SC Gun Hoarder Arrested For Having 10,000 Stolen Guns

A sample of the guns found in Nicholson's house (image courtesy Chesterfield County Sheriff's Department via The Charlotte Observer)
A sample of the guns found in Nicholson’s house (image courtesy Chesterfield County Sheriff’s Department via The Charlotte Observer)

The town of Pageland, South Carolina is known as one of the many small towns that Charlotte-area residents usually pass through on the way to Myrtle Beach. It’s also known for its yearly watermelon festival. This weekend, though, it became known for being home to a gun hoarder. A Pageland man is facing charges that he hoarded at least 10,000 stolen guns in various locations around town.

Earlier in the week, Chesterfield County deputies pulled over Brent Nicholson for a traffic violation. However, their spidey-senses went off with the discovery of 60 guns in his car. On Friday afternoon, deputies came to Nicholson’s house near Pageland to serve him with a subpoena and discovered a chainsaw and a welder in the front yard that had been reported stolen earlier in the week. Chesterfield County sheriff Jay Brooks told WSOC-TV in Charlotte that Nicholson has been on the radar screen for some time in connection with stolen property, but it has only been recently that his department was able to get enough information to justify a search warrant.

That night, local deputies, as well as agents from the South Carolina State Law Enforcement Division and the federal Bureau of Alcohol, Tobacco, and Firearms, raided the house and a nearby warehouse. They found what Brooks described as a scene from a scene from a hoarder show, including chainsaws, four-wheelers, crossbows, hunting mounts, air compressors, and taxidermied animal heads.

However, the most unnerving discovery was that Nicholson was hoarding a virtual arsenal. They found thousands of hunting rifles and shotguns, as well as boxes of ammunition. They found more guns in the liquor store that Nicholson owned with his father, as well as in his father’s house.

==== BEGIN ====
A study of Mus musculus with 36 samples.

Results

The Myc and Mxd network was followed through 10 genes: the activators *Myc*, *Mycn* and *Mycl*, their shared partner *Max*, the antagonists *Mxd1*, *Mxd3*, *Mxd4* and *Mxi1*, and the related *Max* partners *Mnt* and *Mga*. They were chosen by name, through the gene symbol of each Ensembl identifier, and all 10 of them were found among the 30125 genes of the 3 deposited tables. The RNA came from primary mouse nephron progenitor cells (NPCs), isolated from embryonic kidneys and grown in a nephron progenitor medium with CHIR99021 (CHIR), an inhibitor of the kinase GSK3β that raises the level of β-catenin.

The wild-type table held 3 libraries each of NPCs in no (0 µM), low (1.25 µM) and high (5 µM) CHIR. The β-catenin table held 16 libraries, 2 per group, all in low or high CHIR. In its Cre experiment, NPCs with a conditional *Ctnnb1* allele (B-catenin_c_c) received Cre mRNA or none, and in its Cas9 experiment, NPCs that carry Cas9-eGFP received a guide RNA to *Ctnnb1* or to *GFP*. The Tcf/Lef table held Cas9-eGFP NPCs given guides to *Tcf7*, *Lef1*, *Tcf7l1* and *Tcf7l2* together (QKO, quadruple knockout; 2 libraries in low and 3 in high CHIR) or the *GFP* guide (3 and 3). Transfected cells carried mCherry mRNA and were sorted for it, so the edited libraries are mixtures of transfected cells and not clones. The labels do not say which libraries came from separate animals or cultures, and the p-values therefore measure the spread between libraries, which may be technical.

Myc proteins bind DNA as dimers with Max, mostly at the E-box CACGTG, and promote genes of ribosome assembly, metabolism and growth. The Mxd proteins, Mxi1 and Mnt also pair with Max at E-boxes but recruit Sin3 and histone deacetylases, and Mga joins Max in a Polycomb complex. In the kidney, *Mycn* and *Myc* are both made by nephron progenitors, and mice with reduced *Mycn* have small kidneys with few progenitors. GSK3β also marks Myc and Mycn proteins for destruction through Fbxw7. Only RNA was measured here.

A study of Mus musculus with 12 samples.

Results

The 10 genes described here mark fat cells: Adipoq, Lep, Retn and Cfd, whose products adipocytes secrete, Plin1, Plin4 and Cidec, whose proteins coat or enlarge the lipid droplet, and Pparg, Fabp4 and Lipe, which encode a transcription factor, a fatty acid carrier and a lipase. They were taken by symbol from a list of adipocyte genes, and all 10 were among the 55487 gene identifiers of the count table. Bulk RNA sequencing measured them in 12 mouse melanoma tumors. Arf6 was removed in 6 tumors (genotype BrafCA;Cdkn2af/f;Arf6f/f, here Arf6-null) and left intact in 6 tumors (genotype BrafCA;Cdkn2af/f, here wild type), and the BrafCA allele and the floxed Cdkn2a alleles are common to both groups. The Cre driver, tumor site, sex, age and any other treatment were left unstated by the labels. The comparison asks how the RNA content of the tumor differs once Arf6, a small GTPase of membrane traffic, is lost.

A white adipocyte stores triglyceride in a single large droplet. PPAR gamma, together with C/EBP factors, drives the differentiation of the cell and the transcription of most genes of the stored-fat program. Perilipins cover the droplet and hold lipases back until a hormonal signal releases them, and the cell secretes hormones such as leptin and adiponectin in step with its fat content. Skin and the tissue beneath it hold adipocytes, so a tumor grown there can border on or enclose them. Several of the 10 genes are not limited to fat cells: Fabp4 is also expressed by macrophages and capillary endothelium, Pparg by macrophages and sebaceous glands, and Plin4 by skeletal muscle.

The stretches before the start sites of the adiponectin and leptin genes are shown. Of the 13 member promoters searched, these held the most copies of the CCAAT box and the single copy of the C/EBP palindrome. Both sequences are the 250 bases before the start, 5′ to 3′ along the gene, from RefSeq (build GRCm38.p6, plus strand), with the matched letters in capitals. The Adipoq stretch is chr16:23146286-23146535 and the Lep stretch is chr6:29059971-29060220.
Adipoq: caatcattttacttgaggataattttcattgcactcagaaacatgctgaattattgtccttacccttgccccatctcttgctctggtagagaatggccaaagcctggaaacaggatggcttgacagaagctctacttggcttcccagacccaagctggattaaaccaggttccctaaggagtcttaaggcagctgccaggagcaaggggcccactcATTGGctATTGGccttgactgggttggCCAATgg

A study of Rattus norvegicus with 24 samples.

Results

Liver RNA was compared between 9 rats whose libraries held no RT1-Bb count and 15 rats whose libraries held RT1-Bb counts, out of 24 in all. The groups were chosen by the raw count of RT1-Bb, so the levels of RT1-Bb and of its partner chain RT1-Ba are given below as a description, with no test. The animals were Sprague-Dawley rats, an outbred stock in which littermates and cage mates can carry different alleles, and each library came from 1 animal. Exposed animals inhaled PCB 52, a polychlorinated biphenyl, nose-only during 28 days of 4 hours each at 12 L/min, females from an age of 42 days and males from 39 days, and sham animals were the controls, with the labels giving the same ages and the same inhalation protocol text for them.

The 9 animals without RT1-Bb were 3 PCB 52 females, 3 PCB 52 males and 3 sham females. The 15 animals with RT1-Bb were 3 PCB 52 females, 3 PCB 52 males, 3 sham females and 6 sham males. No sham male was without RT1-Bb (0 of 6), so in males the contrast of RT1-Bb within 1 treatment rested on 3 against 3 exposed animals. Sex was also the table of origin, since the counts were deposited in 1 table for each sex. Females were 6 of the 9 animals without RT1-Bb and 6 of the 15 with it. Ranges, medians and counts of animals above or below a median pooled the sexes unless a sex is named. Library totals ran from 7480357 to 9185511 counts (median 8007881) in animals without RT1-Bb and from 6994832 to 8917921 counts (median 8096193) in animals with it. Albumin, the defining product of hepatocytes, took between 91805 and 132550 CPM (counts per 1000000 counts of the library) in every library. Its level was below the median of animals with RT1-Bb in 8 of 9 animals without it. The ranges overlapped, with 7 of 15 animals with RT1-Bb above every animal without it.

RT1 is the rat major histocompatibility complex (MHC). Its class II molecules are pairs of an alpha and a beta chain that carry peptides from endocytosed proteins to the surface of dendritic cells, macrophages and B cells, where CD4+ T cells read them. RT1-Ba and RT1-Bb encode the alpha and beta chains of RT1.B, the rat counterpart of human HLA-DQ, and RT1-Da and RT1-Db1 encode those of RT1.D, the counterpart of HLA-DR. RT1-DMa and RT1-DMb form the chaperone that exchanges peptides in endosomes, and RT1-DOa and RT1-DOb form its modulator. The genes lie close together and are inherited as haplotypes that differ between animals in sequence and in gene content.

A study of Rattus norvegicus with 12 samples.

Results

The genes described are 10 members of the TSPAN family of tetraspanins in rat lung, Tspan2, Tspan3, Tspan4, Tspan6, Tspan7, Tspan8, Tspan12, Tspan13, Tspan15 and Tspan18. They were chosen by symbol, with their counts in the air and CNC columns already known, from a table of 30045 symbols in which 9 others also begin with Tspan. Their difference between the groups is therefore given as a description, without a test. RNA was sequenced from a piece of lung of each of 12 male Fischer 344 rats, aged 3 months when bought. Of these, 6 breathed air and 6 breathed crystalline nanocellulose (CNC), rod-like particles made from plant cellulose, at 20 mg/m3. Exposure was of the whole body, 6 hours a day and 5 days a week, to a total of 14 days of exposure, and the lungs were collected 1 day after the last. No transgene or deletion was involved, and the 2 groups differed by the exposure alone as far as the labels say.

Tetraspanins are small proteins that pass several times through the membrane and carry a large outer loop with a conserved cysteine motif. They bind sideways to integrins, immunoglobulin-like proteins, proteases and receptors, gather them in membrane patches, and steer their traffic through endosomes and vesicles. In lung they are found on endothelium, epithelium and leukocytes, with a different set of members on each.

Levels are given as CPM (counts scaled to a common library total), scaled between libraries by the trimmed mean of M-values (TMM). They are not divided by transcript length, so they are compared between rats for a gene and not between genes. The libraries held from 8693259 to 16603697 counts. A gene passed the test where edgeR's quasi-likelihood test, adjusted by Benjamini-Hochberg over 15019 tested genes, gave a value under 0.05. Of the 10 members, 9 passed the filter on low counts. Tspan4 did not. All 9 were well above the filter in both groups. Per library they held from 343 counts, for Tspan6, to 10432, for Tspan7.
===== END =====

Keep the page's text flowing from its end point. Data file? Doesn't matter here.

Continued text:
Nicholson was arrested on Saturday morning across the border in Union County, North Carolina. He was taken back to Pageland and booked on charges of possession of stolen property. However, Brooks has all but announced that more charges are in the offing. He also said that Nicholson’s wife and father could be on the way to jail as well.

According to Brooks, the figure of 10,000 guns in Nicholson’s house and warehouse alone is just a rough estimate. He did say, however, that there were so many that “we just quit counting after awhile.” The raid team needed four 40-foot tractor-trailers to haul the guns away. Brooks thinks that based on what has been gleaned so far, Nicholson just “looks like a gun hoarder.” There’s no evidence as of yet that he tried to sell any of the guns. Apparently Nicholson stole some of the guns himself, and bought the rest from thieves who had stolen them from North Carolina cabins and hunting lodges for roughly $100 per gun.

On Monday, investigators from Chesterfield County, as well as Mecklenburg, Union, and Anson counties in North Carolina, arrived to help sift through the stolen weapons. Brooks says that the team will work to get the guns and the rest of the stolen property back to their rightful owners.

One of Nicholson’s neighbors, Rusty Fender, was unnerved just by the fact that he had a gun hoarder as a neighbor. Fender told WBTV in Charlotte that he always knew Nicholson as “a good cat,” but wants to know how anyone could have that many guns on hand. Fender probably spoke for a lot of people in this mostly rural county–including my girlfriend, who lives in nearby Chesterfield. To give you an idea how rural it is, my girlfriend once told me that the opening of a Taco Bell there was a really big deal.

Brooks and other officers are equally dumbfounded. Brooks said that in nearly 30 years in law enforcement, the biggest illegal gun bust he handled before this weekend involved 50 guns–“and that was considered an arsenal.” He added that sheriffs from four neighboring counties with 25 years or more of experience, as well as the SLED agents, had “never seen anything like this” in their careers.

If I were any of the thieves with whom Nicholson dealt, I’d be very afraid. Nicholson potentially faces federal charges that carry a minimum of four years in prison, and the state charges carry up to three years per count. He also faces drug trafficking charges in Union County. Nicholson’s probably going to start dropping dimes on his accomplices very soon if he hasn’t done so already. Even that may not be enough to keep him out of jail for a long time.

Darrell is a 30-something graduate of the University of North Carolina who considers himself a journalist of the old school. An attempt to turn him into a member of the religious right in college only succeeded in turning him into the religious right's worst nightmare--a charismatic Christian who is an unapologetic liberal. His desire to stand up for those who have been scared into silence only increased when he survived an abusive three-year marriage. You may know him on Daily Kos as Christian Dem in NC. Follow him on Twitter @DarrellLucus or connect with him on Facebook. Click here to buy Darrell a Mello Yello.